A MATURING ORO VALLEY
First of all, I wanted to say thank you to the many folks who responded to our first post. It's great to see that so many of us are on the same channel.
Our second priority in the series is Strategic Annexation. It was, is, and will be a hot button in Oro Valley.
Oro Valley was incorporated in 1974, and Town Hall was a local residence. Our roots were the need for better public safety and the desire to make our own decisions, especially on tax issues. It was a mere 2.4 square miles and had a population of 1200. The first property Oro Valley annexed was the El Conquistador hotel property. By 1990 and ten annexations later, the population was 6670. The 2000 census showed that Oro Valley had grown to nearly 30,000 with three more annexations. People wanted to be part of Oro Valley, which has continued to today. As a result of more annexations, our current population is 47,000+, and our land mass has grown to 35.5 square miles. Every growing town has to expand its boundaries at some point.
It is appropriate to point out that the landowners and residents initiated the vast majority of annexations (25 in all) within the annexed area. The Westward Look Resort, our most recent annexation, was also at their request.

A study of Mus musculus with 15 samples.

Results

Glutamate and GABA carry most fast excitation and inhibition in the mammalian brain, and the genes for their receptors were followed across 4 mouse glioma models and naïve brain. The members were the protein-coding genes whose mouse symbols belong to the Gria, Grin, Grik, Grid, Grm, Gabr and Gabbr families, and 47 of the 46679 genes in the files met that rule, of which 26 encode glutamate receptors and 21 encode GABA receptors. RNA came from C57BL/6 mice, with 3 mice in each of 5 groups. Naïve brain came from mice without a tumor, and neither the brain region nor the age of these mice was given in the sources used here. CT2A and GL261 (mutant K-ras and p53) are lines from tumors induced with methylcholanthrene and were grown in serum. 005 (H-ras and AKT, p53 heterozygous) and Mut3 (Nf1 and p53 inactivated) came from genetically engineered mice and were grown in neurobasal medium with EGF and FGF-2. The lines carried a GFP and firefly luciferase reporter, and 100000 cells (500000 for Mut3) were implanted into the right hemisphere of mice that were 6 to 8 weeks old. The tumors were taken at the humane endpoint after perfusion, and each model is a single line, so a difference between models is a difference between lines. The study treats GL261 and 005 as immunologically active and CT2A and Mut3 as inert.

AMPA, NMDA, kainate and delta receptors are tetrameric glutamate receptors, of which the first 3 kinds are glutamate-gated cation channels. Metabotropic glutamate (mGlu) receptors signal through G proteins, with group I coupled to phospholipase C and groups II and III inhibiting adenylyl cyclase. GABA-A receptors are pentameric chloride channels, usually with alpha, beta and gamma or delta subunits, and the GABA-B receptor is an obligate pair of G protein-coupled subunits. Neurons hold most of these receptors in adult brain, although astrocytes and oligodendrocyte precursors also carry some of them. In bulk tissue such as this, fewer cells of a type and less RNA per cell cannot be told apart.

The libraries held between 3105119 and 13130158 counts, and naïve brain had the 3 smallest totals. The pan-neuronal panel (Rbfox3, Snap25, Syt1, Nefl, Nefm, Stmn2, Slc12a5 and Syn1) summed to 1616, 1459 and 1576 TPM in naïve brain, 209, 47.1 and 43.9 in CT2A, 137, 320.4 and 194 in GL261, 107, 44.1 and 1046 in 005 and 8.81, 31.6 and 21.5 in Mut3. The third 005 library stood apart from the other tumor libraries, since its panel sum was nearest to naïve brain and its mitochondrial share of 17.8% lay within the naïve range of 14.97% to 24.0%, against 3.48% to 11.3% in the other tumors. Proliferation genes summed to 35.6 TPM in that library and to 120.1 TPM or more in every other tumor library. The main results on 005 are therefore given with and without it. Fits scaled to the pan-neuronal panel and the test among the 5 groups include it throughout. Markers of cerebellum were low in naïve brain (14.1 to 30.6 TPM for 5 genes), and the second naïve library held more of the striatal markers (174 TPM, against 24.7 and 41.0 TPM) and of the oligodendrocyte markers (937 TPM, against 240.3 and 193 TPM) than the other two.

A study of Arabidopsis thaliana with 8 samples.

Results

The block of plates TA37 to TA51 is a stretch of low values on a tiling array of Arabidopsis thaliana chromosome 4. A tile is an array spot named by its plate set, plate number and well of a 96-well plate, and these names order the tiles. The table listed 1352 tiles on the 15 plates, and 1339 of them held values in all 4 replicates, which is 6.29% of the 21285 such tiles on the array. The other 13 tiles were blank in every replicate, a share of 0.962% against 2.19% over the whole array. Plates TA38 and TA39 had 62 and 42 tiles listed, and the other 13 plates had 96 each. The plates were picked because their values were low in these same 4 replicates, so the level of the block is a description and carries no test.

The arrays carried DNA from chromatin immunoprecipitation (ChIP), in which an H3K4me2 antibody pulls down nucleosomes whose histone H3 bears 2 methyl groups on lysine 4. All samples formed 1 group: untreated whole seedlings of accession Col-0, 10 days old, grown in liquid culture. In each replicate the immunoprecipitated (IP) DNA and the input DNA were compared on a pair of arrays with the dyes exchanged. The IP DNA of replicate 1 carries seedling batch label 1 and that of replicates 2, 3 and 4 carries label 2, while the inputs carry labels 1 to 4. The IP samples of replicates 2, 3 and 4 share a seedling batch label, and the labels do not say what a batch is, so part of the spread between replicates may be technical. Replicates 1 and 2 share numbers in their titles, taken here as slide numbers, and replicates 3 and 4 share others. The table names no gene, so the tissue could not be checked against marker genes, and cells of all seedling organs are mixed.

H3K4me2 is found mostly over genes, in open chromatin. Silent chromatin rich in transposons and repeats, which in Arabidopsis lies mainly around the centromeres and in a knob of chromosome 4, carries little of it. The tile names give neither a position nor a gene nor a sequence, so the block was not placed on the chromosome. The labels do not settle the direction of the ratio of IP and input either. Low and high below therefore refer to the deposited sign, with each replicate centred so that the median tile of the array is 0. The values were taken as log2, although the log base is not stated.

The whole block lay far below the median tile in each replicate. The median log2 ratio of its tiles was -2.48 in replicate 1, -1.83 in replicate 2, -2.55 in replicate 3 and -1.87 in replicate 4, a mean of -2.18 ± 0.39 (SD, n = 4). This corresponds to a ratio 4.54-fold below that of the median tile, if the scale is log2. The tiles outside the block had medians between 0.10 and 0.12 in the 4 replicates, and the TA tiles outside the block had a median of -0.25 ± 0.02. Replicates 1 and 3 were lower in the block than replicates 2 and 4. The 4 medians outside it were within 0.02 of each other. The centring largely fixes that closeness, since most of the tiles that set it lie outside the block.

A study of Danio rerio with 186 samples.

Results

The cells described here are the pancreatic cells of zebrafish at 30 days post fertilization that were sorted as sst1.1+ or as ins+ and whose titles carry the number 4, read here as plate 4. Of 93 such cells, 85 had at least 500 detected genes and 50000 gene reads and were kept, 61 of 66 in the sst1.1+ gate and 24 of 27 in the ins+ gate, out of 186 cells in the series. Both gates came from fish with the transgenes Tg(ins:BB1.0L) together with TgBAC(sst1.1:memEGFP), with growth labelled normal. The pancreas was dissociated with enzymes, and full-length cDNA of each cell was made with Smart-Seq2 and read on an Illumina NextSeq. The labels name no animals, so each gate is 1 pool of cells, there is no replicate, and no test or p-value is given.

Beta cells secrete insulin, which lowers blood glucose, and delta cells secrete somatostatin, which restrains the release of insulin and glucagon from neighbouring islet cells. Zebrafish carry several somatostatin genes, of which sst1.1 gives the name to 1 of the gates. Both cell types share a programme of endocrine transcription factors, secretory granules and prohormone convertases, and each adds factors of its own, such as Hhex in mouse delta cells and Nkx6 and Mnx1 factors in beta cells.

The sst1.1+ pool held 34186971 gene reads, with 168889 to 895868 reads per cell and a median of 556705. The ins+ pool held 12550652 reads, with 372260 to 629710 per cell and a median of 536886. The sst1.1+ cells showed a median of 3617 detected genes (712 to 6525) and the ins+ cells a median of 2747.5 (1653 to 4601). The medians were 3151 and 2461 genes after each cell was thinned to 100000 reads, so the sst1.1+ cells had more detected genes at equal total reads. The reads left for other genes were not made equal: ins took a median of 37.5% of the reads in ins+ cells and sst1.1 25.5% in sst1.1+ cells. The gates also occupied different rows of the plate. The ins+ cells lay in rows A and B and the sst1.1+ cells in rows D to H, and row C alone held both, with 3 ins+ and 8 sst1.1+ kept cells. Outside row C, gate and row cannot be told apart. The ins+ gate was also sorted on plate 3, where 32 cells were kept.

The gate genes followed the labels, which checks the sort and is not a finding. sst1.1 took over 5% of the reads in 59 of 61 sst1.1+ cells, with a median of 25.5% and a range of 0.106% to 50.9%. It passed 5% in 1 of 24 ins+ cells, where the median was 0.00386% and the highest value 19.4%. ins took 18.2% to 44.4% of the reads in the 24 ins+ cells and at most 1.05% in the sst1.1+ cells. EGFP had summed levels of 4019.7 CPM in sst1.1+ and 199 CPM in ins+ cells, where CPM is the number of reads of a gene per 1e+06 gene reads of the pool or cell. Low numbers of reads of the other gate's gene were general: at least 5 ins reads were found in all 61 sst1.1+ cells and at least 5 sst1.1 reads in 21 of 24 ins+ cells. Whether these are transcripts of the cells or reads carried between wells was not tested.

So, it is reasonably safe to say that Oro Valley today is a product of annexations. It is equally safe to say that annexations have benefitted both Oro Valley and its residents. The proof is that people continue to seek out Oro Valley as a place to live, work and play.
So, where are we on the annexation playing field? The good news is that we are still on the field. The bad news is that the current majority of the OV Town Council has, due to their total lack of experience in municipal finance, coupled with their obsession to curb growth (one of their campaign platforms), annexation is not on their radar screen. Sadly, Oro Valley is about (approximately two years) to experience a 25% decrease in sales taxes. AND we have a three-year void in the construction pipeline. Our State Shared Revenue (per capita revenue from AZ) will be reduced because the current Council majority has not approved a single development project. Retail sales taxes will flatten because there are no new residents. It's not a pretty picture. This will certainly open the door to property taxes.
Unfortunately, the current majority on the Oro Valley Town Council doesn't seem to be even slightly interested in looking past the nose on their face. The State Land Trust owns the 880 acres of vacant land on our western border, and this council has demonstrated no interest in annexing it. Since it is vacant and one owner, it could be a relatively simple annexation. But our pioneer spirit has been lost, and we seem to be happy to be mired in the mud of complacency.
If we, don't make a significant effort to grow our landmass and do it very soon, we will need to find alternative revenue streams to replace those lost in the next 2-4 years. And while we hate to bring up the topic, there is an Oro Valley property tax in our future.